How to find us
The Scan Clinic London East,
635A Cranbrook Road,
Gants Hill IG2 6SX
Call us on:
0203 904 7706
Monday – Saturday 9am – 5pm
Biomarkers Included with the Cholesterol blood test
Scroll down for more information about each biomarker
Non HDL Cholesterol
About the Cholesterol blood test
Measure the level of triglycerides, LDL, and HDL cholesterol in your blood and check your risk of heart disease based on your ratio of HDL good to total cholesterol.
LDL cholesterol can build up on your artery walls and hardens over time, narrowing the arteries and increasing your risk of heart disease. HDL cholesterol can help stop this by taking LDL cholesterol and passing it out through the liver. Healthy cholesterol levels should be low levels of LDL and high level of HDL cholesterol.
Triglycerides are the main source of fat in the body, which we all need but if its present in high levels then this increases the risk of heart disease
Why choose us?
We pride ourselves on providing the best quality service we can which is why we are trusted by GP's, doctors, physiotherapists, midwives and many other healthcare professionals.
Our mission of better quality healthcare for everyone is at the heart of everything we do and drives us to do the best we can for each and every patient that we see. Our team of experts have years of experience and are fully registered and regulated meaning you are in safe hands with us.
Biomarker information for Cholesterol blood test
Cholesterol is an essential fat (lipid) in the body. It has some important functions, including building cell membranes and producing a number of essential hormones such as testosterone and oestradiol. There are a number of different types of cholesterol, but the two main components of total cholesterol are HDL (high density lipoprotein) -“Good” and LDL (low density lipoprotein)- “Bad”.
The total cholesterol result on its own only shows the total amount of both of these components and so even if you have a good amount of total cholesterol, you may have a low amount of good cholesterol and high amount of bad cholesterol therefore its important to review each of these results to understand your cardiovascular health and risks of cardiovascular disease.
LDL cholesterol (low-density lipoprotein) is a molecule made of lipids and proteins which transports cholesterol, triglycerides and other fats to various tissues throughout the body. Too much LDL cholesterol, commonly called ‘bad cholesterol’, can cause fatty deposits to accumulate inside artery walls, potentially leading to atherosclerosis and heart disease.
HDL cholesterol (high-density lipoprotein) is a molecule in the body which removes cholesterol from the bloodstream and transports it to the liver where it is broken down and removed from the body in bile. HDL cholesterol is commonly known as ‘good cholesterol’.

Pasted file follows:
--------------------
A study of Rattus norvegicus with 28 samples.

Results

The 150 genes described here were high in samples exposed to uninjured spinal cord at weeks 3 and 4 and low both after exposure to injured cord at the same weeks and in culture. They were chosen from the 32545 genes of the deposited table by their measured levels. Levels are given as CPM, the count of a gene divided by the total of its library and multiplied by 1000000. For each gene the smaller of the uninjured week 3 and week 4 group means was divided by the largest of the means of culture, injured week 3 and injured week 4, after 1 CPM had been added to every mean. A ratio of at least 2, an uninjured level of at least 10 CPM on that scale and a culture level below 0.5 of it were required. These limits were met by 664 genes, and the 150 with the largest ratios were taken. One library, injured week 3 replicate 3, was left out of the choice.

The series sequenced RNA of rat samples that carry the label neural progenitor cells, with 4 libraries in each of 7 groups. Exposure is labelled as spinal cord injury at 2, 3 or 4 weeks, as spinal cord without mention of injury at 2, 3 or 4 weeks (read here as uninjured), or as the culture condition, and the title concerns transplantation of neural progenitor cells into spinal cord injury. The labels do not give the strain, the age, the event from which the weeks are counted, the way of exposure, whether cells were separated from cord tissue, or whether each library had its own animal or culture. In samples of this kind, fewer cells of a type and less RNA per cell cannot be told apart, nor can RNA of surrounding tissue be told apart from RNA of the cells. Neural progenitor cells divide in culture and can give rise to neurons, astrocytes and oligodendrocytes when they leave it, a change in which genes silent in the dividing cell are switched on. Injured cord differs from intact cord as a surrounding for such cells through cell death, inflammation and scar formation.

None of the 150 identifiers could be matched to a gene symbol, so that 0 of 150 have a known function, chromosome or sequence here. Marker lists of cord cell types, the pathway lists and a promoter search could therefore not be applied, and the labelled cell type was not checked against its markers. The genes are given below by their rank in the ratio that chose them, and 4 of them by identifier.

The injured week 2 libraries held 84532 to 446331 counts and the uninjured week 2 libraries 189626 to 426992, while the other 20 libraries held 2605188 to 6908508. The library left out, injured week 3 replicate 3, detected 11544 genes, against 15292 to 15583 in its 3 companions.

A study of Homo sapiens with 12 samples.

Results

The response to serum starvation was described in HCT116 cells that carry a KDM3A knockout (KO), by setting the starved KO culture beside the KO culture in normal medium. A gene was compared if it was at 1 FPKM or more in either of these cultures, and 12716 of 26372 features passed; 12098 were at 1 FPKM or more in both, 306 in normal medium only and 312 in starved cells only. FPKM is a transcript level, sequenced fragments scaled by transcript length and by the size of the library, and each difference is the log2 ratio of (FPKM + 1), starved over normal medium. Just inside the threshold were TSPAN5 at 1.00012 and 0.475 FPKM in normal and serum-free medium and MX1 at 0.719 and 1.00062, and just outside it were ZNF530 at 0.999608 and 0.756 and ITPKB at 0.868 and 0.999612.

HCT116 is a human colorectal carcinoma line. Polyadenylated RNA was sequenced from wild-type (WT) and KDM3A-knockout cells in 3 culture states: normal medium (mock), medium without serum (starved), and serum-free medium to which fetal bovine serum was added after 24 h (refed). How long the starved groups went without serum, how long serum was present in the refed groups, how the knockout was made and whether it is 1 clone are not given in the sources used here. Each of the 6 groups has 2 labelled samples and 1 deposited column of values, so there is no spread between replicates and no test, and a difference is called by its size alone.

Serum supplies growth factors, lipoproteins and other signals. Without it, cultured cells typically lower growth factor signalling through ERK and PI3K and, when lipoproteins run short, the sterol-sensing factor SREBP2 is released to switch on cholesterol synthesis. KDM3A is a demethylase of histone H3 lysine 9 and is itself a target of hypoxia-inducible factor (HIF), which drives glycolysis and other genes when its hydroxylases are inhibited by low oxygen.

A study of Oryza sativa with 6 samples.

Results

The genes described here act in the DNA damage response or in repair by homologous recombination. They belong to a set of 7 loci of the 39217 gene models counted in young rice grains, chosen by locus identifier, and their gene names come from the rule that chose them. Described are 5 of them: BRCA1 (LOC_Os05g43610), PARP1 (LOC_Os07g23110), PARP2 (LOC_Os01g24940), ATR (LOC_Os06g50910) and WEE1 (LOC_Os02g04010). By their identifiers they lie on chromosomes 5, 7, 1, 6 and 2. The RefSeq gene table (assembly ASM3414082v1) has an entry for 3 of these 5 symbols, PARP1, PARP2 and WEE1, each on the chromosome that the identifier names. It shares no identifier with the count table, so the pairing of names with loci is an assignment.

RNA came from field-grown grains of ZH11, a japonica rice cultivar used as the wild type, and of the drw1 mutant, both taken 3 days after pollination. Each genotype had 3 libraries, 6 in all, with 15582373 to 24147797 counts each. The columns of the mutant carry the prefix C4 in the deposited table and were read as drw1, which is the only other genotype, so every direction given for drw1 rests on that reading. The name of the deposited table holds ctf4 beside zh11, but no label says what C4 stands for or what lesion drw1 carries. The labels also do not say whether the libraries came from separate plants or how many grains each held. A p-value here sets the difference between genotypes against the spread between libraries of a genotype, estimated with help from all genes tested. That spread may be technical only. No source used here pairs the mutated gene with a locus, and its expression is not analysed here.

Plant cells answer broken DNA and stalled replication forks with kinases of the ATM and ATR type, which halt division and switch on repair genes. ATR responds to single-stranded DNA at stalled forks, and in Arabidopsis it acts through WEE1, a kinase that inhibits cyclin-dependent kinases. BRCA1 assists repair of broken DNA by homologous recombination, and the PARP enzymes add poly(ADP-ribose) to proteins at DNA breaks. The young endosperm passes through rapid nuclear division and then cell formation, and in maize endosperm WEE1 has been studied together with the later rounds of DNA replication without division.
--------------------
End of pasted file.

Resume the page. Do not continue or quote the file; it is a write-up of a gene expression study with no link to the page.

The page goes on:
Cholesterol in your body is generally broken down into 2 main components; HDL and LDL. However there are other types of cholesterol such as VLDL (very low-density lipoproteins) and other lipoproteins which are thought to be even more harmful than LDL cholesterol. Non-HDL cholesterol is calculated by subtracting your HDL cholesterol value from your total cholesterol. It therefore includes all the potentially harmful cholesterol in your blood including LDL. As such, it is considered to be a better marker for cardiovascular risk than total cholesterol and LDL cholesterol.
The cholesterol/HDL ratio is calculated by dividing your total cholesterol value by your HDL cholesterol level. It is used as a measure of cardiovascular risk because it gives a good insight into the proportion of your total cholesterol which is “good” (i.e. high-density lipoprotein, HDL). If your health check includes advanced cardiovascular risk scoring – QRisk then this value is important and used to help calculate your risk of having a heart attack.
Triglycerides are a type of fat (lipid) that circulate in the blood. After you eat, your body converts excess calories (whether from fat or carbohydrates) into triglycerides which are then transported to cells to be stored as fat. Your body then releases triglycerides when required for energy.
What does the Cholesterol blood test involve?
This blood test is just like a standard blood test.
You will be asked to uncover you left or right arm and suitable vein is found. A tourniquet will be placed and tightened around your upper arm allowing the veins to swell and a needle will be placed into your vein. A small quantity of blood is then drawn into tubes. Once the procedure is complete a small plaster will be placed onto the site which can be removed after a few hours.
How do I prepare
- The blood test requires access to the area of interest, therefore, it is recommended to wear loose clothing to facilitate this process.
- No specific preparation is required for this scan.
- We will require details of your GP / Health Care Professional, which may be requested before or at the time of the scan.
- Blood results require interpretation. All results should be interpreted by your regular health care professional / GP.